Tesla Motors targets masses with cheaper Model 3 electric car

Tesla Motors chief executive Elon Musk confirmed the Model 3, a forthcoming electric car that will cost less than half its coveted Model S. Can a cheaper Tesla Motors model woo a broader public still wary of electric cars?

By , Staff writer


Having made a splash in the luxury auto market, the California-based company is now looking to broaden its horizons – and win over a public that has been slow to abandon its largely gas-powered driving habits. Many Americans are wary of the high price and limited range that tends to come with electric cars. With its new Model 3, Tesla Motors hopes to address both those issues with a car that offers the same range as its more expensive version, at a fraction of the price.  

“We want people to fall in love with their car and look forward to driving it,” Tesla Motors chief executive Elon Musk told the UK's Auto Express in an interview Thursday.


This electric car will be cheaper than the Model S and Model X because it will use cheaper battery technology from Tesla’s Gigafactory, according to Auto Express. The company is still determining where it will locate its sprawling new battery factory.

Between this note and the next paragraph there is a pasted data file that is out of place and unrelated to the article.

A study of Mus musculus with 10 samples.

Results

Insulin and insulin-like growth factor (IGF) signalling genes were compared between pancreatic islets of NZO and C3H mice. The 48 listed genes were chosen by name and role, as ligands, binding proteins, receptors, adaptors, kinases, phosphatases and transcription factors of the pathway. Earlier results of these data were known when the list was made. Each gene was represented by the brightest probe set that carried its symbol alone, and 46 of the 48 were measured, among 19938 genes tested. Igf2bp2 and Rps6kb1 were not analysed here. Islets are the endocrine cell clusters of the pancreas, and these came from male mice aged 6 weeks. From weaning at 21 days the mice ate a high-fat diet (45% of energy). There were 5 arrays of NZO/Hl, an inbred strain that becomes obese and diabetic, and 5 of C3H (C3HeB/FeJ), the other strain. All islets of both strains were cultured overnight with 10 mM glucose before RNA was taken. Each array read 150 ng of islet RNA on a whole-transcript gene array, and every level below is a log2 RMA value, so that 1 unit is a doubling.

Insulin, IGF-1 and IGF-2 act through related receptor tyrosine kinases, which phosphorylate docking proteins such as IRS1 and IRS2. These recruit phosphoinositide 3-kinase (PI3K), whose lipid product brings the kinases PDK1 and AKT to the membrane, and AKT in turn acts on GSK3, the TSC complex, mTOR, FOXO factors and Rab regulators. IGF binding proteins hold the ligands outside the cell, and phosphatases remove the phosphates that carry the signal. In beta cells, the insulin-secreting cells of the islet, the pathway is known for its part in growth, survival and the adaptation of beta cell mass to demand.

North America has the largest regional market for plug-in electric vehicles (PEVs), with estimated 2013 sales of slightly less than 100,000, according to market research and consulting team Navigate Research. The number of PEVs on roads in the United States will grow from nearly 296,000 in 2014 to more than 2.7 million in 2023, according to projections by Navigant. Still, hybrid cars and full-electric cars have only made up about 3.5 percent of total US car sales so far in 2014, according to the Electric Drive Transportation Association, an industry group. 

To be sure, there are plenty of other cars that are cheaper than the Model 3 – even electric cars such as the Nissan’s $28,980 Nissan Leaf S. Generally-speaking, electric cars are more expensive upfront than gasoline-based cars, even though drivers may save more over the longterm from charging an electric car versus filling up gas in a regular vehicle.

Tesla also needs more automakers and consumers to be interested in electric cars and understand the potential environmental benefits, John O’Dell of Edmunds.com told the Monitor in June. Electric cars can also be up to three times as efficient as gasoline-powered ones, according to Consumer Reports.

Transportation is also the second-most energy intensive sector in the US, according to the US Energy Information Administration, and it currently makes up the vast majority of the country's oil consumption.